It’s the perfect holiday weekend scene in the Methow Valley.
In downtown Winthrop, the boardwalks are full and vehicle traffic is backed up at the four-way stop. At Sheri’s Sweet Shoppe, happy visitors are lapping at ice cream cones, crowded into the courtyard, chatting and having a great time.
We love this familiar scene. It’s the iconic image we conjure up when thinking about what a happy weekend in Winthrop looks like. It tells us that another successful summer is upon us, if only we escape the wildfires and smoke. We are delighted to share this place with appreciative visitors, fully acknowledging that tourism is what keeps the valley viable. What could be better?
But that was last year, and most of the previous years. This year, the same scene is generating local emotions ranging from annoyance to outrage. That’s the difference COVID-19 makes in these days of uncertainty, anxiety and, yes, hope for a recovery that includes both a healthy citizenry and a healthy economy.
It was inevitable that with the North Cascades Highway open and the state poised to relax some business restrictions, we’d see a surge of visitors. But I doubt many of us were prepared for the traffic we saw last weekend. One could be forgiven for thinking we somehow had become wide-open Alabama overnight. What’s disconcerting is that we have never thought of the valley as a “whatever the hell you want do” sort of destination.
It’s hard to park those emotions and take the longer view that this too shall pass, when so many of us are taking quarantine and coronavirus practices seriously. We are in uncharted territory full of political minefields.
After several quiet months, I don’t think we were mentally ready for the sudden return of tourism. And to be fair, it’s probable that most valley visitors last weekend were at least cognizant of community feelings and behaved appropriately, and most open businesses prepared for them. They weren’t the highly visible ones.
You could, I suppose, blame the media for focusing on the attention-getting stuff. A few hundred noisy, entitled people show up at the state Capitol to demonstrate and whine about losing their happy hours and salon appointments, feeling the need to be armed to make their point, and they get news stories — while most people are doing their best to comply with state guidelines and not make headlines. So, too, even here we may tend to focus on what’s most noticeable.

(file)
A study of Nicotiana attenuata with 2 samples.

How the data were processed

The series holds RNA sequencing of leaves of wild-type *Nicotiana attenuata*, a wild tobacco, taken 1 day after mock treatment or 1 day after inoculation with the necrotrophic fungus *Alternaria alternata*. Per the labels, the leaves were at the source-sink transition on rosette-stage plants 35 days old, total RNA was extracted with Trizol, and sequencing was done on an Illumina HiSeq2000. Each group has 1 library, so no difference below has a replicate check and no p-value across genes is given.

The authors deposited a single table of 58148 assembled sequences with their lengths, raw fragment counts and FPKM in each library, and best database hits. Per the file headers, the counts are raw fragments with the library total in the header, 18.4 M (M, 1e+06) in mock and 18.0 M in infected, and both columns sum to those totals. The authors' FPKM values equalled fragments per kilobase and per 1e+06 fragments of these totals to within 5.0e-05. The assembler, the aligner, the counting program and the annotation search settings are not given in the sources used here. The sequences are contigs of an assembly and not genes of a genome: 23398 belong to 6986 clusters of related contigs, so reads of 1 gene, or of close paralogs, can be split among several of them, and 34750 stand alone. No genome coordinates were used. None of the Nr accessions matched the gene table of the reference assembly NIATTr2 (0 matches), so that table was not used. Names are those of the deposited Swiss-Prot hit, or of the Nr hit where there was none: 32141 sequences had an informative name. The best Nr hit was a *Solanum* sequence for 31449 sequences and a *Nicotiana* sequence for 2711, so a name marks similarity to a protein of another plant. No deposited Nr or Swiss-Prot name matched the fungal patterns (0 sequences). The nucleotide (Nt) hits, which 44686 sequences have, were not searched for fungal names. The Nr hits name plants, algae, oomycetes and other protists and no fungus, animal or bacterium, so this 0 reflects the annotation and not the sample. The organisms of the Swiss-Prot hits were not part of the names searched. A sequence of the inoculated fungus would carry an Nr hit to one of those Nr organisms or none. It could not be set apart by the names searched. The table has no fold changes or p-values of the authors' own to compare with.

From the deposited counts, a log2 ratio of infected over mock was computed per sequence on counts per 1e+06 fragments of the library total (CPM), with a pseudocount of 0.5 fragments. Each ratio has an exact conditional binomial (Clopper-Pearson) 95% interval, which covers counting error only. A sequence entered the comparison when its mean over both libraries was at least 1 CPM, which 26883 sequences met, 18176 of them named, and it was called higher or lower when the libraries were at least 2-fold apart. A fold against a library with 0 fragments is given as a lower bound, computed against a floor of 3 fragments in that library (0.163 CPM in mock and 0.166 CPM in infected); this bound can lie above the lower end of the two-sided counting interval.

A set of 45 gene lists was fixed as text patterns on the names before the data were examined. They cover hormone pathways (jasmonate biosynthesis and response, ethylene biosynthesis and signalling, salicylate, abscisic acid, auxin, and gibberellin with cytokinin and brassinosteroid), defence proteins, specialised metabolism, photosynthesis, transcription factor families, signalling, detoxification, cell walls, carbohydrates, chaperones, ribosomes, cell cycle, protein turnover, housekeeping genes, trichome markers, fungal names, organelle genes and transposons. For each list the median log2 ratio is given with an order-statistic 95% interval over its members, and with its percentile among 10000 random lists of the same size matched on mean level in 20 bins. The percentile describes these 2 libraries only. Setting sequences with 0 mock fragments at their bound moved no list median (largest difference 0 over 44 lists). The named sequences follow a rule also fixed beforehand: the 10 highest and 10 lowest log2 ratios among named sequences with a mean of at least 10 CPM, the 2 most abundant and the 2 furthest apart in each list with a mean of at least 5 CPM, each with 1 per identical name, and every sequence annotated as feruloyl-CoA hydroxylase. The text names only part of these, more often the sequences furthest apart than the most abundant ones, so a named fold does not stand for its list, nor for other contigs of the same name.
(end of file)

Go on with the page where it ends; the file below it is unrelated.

Many local businesses, starved for consistent revenue, have worked hard to adapt and provide a safe atmosphere while encouraging commerce. They deserve our support. It hasn’t been easy, what with shifting expectations and a murky time line for fully reopening. Nobody can blame them for trying to make a living under previously unimaginable circumstances — our livelihoods are dependent on their livelihoods.
Over the past several weeks, quite a few people have encouraged the newspaper to “name names” of local businesses they thought were not properly engaged in coronavirus protocols. I told them all pretty much the same thing: We are not the coronavirus police or the enforcers. We’re not going to get into blaming and shaming, or unfavorably comparing one store’s practices to another’s. Talk to management. Don’t patronize those places if that’s how you feel. Make your own choices using your best judgment.
So I find it awkward and perhaps unfair to cite Sheri’s, whose annual opening we consider a seasonal benchmark and which is only taking advantage of its location to ply its usual business. But it’s the most visible representation of the tourism influx, the one people can’t help seeing, so fairly or not is getting the brunt of attention. The Winthrop Town Council referenced the store at a recent meeting, which makes it a topic for public discussion. I’ve heard or read many comments in the past couple of days about the Sheri’s crowds, most of them unflattering: no masks, no distancing, no apparent concern for each other or the people who live and work here. It’s what people are talking about. At the same time, there is no real enforcement going on, so where does the responsibility lie?
Why is that noteworthy? Lauri Jones, director of Okanogan County Public Health, told the Winthrop Town Council last week that 11 of the county’s cases — about 25% — were generated from one family gathering. One event, one day, 11 people with the virus. The Methow Valley hasn’t had a reported case in more than a month. I think it will be astonishing if that doesn’t change.